Musculus orbicularis oculi
Latin muscle parts
Pars palpebralis with fasciculus ciliaris and pars profunda; Pars orbitalis
Branchial arch muscle – second arch (Facial muscle)
The English name for this muscle is the little circle muscle of the eye. The word orbicularis comes from the Latin orbis meaning “circle or disk” and ulus which is a diminutive ending meaning “little.”The word oculi is from the Latin oculus meaning “eye.”
The orbital part arises from the frontal and adjacent maxillary bones, the palpebral part arises from the medial palpebral ligament and adjacent bone, and the lacrimal part arises from the lacrimal bone
The orbital part forms circular fibers that wrap around the eye and blend with various neighboring muscles on all sides of the orbit, the palpebral fibers cross the both eyelids to blend with each other on the lateral side of the eye, and the lacrimal part of the muscle sends fibers to the tarsi of the superior eyelid and blends with fibers on the lateral side of the eye.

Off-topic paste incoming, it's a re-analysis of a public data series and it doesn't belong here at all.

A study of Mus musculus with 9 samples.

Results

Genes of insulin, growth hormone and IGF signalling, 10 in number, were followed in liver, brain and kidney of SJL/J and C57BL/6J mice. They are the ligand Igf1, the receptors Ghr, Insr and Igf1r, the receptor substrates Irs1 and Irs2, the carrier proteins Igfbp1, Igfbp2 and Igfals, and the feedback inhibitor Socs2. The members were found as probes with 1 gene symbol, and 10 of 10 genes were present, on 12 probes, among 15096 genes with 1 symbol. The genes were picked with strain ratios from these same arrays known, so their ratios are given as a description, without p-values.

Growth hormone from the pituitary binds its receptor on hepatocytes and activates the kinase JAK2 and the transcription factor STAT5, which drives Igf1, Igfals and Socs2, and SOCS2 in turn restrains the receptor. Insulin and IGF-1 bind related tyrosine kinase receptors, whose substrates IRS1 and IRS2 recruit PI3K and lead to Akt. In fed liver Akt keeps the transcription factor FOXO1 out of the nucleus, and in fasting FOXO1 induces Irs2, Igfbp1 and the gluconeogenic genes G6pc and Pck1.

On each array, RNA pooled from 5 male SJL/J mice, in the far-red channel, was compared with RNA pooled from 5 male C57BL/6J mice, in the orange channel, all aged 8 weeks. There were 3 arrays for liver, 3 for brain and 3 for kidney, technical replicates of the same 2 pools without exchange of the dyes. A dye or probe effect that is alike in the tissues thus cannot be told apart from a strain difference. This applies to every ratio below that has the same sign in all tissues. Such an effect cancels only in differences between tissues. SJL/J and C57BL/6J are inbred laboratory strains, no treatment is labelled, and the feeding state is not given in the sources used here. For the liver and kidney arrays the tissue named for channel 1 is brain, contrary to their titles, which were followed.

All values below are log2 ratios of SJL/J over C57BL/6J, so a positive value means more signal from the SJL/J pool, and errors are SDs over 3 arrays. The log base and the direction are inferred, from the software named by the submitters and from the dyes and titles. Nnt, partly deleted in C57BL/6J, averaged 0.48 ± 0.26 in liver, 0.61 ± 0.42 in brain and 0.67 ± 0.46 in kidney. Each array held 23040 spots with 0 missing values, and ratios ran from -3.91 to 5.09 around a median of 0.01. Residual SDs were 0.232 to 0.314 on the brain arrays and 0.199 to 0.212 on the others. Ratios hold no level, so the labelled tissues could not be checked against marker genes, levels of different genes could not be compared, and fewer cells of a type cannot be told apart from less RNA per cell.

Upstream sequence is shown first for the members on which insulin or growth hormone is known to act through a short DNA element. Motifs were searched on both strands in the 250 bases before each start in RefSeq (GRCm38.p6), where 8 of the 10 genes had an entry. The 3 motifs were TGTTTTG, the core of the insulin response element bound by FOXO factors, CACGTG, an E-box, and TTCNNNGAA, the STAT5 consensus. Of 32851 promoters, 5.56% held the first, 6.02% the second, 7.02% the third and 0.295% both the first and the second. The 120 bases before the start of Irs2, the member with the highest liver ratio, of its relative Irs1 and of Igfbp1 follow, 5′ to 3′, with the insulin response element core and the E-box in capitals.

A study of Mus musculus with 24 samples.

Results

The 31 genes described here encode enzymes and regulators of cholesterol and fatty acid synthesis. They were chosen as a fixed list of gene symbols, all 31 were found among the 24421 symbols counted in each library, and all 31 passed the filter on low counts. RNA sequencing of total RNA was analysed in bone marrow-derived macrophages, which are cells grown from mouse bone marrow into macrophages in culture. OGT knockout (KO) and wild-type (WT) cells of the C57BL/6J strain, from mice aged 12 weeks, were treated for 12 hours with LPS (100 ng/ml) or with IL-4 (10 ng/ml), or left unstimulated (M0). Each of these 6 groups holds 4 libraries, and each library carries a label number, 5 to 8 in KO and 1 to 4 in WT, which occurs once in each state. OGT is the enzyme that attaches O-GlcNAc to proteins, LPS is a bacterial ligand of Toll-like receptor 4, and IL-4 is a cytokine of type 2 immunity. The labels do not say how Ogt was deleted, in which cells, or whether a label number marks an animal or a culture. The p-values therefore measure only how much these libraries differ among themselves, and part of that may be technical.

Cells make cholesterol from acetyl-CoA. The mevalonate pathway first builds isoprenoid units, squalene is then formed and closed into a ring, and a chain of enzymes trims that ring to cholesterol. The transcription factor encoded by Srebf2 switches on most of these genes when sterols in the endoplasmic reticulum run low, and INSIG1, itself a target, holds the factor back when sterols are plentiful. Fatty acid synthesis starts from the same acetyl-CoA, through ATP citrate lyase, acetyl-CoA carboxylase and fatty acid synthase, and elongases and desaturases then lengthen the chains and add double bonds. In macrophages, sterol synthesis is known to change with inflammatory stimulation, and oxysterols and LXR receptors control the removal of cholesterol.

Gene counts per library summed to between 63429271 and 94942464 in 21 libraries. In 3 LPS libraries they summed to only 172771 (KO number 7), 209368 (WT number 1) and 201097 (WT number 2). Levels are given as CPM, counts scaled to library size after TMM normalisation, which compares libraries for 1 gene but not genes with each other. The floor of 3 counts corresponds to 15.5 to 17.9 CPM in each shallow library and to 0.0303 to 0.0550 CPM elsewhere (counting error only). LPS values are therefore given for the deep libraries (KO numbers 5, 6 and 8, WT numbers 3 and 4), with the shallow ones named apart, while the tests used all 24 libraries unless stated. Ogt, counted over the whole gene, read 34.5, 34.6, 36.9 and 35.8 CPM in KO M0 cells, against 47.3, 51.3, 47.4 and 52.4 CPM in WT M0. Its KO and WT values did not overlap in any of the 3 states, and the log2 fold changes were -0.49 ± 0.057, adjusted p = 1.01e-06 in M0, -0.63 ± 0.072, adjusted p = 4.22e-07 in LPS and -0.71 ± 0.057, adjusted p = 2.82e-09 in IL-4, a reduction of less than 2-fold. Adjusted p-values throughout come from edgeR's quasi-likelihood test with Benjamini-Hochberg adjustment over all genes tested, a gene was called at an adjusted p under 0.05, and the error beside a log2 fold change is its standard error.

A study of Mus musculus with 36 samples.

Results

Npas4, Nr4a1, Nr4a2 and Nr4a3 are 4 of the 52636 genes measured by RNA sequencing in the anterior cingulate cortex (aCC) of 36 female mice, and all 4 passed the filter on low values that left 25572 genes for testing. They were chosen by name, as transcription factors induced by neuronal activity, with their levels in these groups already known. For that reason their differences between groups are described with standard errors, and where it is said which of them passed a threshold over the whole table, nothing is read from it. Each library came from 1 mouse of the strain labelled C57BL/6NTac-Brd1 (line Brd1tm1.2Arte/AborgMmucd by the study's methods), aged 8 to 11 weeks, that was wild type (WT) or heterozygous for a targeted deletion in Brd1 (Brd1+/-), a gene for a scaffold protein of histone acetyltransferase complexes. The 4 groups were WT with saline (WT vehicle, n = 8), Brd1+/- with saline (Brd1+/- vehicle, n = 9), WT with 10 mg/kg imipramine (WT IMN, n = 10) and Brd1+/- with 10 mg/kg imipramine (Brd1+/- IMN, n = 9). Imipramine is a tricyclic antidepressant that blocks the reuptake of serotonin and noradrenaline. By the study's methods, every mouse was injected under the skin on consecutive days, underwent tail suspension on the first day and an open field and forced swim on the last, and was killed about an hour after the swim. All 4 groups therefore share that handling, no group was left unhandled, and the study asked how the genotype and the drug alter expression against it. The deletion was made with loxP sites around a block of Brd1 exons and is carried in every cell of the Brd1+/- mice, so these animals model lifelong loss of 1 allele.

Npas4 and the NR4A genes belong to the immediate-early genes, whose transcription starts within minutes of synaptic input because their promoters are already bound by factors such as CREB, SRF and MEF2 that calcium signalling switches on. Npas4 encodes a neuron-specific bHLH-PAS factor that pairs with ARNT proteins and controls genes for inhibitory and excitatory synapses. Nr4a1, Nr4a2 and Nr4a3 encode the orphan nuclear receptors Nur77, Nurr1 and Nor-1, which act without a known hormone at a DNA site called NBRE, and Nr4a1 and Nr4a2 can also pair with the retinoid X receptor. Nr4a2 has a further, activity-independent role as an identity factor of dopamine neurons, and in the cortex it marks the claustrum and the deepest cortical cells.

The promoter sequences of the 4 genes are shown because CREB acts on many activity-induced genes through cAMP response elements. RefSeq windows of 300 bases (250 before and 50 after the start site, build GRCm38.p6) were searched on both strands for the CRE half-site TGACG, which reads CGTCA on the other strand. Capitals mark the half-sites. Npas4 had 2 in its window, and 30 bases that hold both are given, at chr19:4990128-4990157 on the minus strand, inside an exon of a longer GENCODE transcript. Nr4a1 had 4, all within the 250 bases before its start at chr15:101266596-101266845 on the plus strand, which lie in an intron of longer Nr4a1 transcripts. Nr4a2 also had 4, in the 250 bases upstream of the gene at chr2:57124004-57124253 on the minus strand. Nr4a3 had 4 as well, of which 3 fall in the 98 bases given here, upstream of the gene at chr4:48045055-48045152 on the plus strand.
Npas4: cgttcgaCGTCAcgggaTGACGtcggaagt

The complexly arranged fibers of this muscle account for a variety of muscle functions. Its palpebral fibers are involved in reflexive blinking and soft closure of the eyelids. The deeper fibers are involved with the more forceful sphincter-like closure of the eye. Contraction of the muscle also helps express tears from the lacrimal gland and distribute the tears across the surface of the eye. The medial fibers help project the puncta lacrimale into the lacus lacrimale to aid in draining the tears from the eye’s surface and moving them through the lacrimal sac and duct.
Facial nerve (Cranial nerve VII)
Terminal portion of the facial artery; zygomatico-orbital branch of the superficial temporal artery; supraorbital and supratrochlear branches of the ophthalmic artery.